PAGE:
Forgoing reforms to buy PRU13

Najib’s budget is tailored to ensure the survival of a regime with the premier being generous in dishing out cash handouts, but remaining silent on structural reforms.

By Charles Santiago, FMT

Let’s see what we have here. Succinctly put a budget which is best described as ‘more of the same’, without new directions in managing the country’s economy or creating new wealth including equitable distribution.

It is a budget that is designed to buy and secure another five years for the BN. It’s designed to help the regime tide over what has been described as the country’s most fiercely fought polls by throwing money at poor households, civil servants and young people – all who are key in bolstering BN’s vote bank and if possible give prime minister Najib Tun Razak a larger mandate.

In the quest to stay in power, the government has forgotten the welfare of the people. Malaysian families are facing a cost of living crisis but the budget does not provide sustainable solutions to this pertinent problem.

Instead it offers a one-off solution through BRIM 2.0 or RM500 in cash handouts to households earning RM3,000 and below. And throwing in RM 200 to youths to buy smart-phones is not going to solve the problem.

The government needs to explain how giving RM200 for purchasing smart phones is going to cushion society from spiraling prices.

This shows that this budget is about buying and securing BN’s interest given a large number of the 2.2 million newly registered voters are likely to vote against the government.

The RM3-4 billion could have been used to increase food production and provide affordable transportation. Increase in food production could lead to lower food prices, greater income for rural and suburban farmers while saving money from foreign imports.

And affordable transportation linking the periphery to the core city centers would help to decrease transportation costs.

Increase in food production and affordable transportation would have gone a long way to help manage the increase in the cost of living. But we have missed yet another chance.

However the puzzling ways of the government do not stop here. For example, the Malaysian Anti-Corruption Commission (MACC) is getting a RM276 million-allocation to fight graft. No this has nothing to do with looking at restructuring the body which has come under severe criticism for lopsided investigations and targeting only opposition politicians.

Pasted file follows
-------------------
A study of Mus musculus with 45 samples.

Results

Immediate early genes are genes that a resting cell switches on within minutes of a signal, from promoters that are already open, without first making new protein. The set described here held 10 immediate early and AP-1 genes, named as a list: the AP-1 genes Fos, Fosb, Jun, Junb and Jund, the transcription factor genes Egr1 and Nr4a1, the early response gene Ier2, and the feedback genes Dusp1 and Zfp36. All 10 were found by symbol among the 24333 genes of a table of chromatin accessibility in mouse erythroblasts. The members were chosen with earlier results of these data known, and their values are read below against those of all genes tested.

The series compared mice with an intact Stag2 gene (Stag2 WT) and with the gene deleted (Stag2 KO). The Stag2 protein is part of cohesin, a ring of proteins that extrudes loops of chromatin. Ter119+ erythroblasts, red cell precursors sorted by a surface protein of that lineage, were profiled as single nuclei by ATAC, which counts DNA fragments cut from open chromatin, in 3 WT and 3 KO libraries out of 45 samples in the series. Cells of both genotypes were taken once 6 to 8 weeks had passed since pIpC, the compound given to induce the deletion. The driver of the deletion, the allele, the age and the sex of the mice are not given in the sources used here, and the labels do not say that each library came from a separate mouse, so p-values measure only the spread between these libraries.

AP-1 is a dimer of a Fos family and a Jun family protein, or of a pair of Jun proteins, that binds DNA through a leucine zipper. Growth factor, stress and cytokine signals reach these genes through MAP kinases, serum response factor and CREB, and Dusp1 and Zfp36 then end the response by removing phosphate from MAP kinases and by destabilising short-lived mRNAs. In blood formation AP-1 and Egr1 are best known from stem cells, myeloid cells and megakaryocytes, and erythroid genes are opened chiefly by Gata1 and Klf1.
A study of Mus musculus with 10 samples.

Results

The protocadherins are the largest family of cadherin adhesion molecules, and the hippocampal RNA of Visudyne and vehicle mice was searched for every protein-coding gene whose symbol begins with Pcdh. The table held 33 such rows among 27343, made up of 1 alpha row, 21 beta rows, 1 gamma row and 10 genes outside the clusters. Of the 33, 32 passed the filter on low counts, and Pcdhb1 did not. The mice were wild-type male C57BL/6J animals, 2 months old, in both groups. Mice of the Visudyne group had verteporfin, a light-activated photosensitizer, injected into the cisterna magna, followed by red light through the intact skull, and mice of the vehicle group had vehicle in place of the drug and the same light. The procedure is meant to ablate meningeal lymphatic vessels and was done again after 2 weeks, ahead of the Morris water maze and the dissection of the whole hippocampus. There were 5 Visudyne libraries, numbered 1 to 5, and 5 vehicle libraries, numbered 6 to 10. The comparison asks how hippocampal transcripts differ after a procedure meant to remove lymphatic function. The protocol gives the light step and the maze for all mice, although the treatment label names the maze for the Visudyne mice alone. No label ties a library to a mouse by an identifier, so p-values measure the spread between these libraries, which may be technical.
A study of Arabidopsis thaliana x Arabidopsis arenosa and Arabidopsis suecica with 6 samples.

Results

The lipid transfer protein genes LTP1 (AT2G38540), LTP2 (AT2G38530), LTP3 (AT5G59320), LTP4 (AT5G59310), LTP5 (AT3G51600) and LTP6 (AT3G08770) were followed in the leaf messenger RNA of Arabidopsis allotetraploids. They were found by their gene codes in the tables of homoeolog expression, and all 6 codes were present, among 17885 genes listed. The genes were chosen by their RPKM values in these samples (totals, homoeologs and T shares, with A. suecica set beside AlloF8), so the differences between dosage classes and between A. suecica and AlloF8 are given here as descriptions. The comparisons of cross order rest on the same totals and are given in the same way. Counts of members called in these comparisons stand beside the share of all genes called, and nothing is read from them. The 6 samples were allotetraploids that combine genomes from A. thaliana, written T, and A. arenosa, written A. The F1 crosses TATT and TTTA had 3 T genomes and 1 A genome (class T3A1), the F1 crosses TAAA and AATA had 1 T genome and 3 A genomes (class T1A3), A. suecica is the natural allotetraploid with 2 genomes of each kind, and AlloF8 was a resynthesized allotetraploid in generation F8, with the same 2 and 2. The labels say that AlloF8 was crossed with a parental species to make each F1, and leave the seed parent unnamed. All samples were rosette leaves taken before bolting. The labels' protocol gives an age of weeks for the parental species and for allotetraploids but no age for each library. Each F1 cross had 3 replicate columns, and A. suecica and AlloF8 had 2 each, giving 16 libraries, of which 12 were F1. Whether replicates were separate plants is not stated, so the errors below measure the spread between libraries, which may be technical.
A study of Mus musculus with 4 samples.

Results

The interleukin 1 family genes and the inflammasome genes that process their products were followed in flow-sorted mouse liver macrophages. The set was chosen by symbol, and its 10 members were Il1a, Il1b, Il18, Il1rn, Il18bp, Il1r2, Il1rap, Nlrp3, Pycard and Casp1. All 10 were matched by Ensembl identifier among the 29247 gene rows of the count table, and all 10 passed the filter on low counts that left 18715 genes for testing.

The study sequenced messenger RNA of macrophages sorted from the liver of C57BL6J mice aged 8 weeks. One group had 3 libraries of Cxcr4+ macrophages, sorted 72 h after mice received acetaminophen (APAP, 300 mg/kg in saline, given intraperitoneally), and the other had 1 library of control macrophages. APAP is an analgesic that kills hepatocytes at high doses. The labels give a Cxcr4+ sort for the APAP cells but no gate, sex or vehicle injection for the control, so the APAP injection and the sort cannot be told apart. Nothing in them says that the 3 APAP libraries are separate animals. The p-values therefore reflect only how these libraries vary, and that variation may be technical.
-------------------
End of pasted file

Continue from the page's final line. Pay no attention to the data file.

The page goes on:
Instead, the government will make available an additional 150 posts annually to reach a target of 5,000 personnel in the MACC.

And that’s still not the end of the horror for it has made available RM300 million for 1.5 million young people to buy smartphones from an authorized dealer. While this deal smacks of cronyism, it also shows Najib’s priority or shall we say the lack of it, given the case.

Rosy economic projection

While a desperate Najib slammed the opposition and took pot shots at Anwar Ibrahim during the last half hour of his budget speech last Friday, without mentioning names of course, he chose to give a rosy economic projection for the country.

But growth rate projections of 4.5 % – 5% are highly optimistic. Malaysia is an open economy and thus highly vulnerable to external shocks.

The Finance Ministry’s Economic Report (2012-2013) notes that the country has experienced a 35-percent drop in FDI in the first six months of 2012. In fact, the International Monetary Fund’s (IMF) most recent World Economic Outlook warns developing nations to brace for further risks from uncertainties in Europe and the USA.

This together with the contagion impact on the Indian and Chinese economies will bite into Malaysia’s growth for the coming year.

A further problem for the Malaysian economy would be the impact of the euro-zone crisis on demand for palm oil and other commodities. Industry sources note that palm oil prices would drop further in the coming months impacting on the country’s revenue stream.

Let’s not forget that 40% of Malaysia’s revenue comes from the oil and gas sector which is very vulnerable to oil price fluctuations and production.

Deficits and debts have become BN’s preferred policy norm or option in economic management. The government’s attempts in reducing its 15-year budget deficit to 4%, from about 4.7 per cent of GDP in 2012, is largely prompted by pressure from global fund managers and rating agencies.

In the recent months, agencies such as Fitch and S&P warned of credit rating downgrades if the government did not reign in its fiscal deficit and ballooning debt of RM502.4 billion or 53.7% of GDP this year, with federal debt level at 55% of GDP being the legislated debt ceiling.

The government argues that deficit would be reduced with efficient tax collection and higher economic growth projected at 4.5% – 5.5% for 2013. This is also unlikely given the euro-zone crisis and its contagion impact on China and India. Thus projected increase in taxes and growth rates might not materialise.

Long term strategy missing

And no where in Najib’s two-hour budget speech did we hear anything about reducing wasteful spending like reducing the country’s civil service, a move which is necessary but will create a backlash for his government come the next general election.

So one can expect a supplementary budget in 2013 just like the RM13.8 billion a few months ago. What is clear is that the long term strategy in managing public finances in a sustainable fashion is missing.

Crime is another pressing problem in the country. While we commend the government for responding to the crime-issues faced by the rakyat, the present strategy of buying hardware and increasing manpower in the police force are not going to solve the problem. What is urgently required is a strategy change and re-allocation of resources.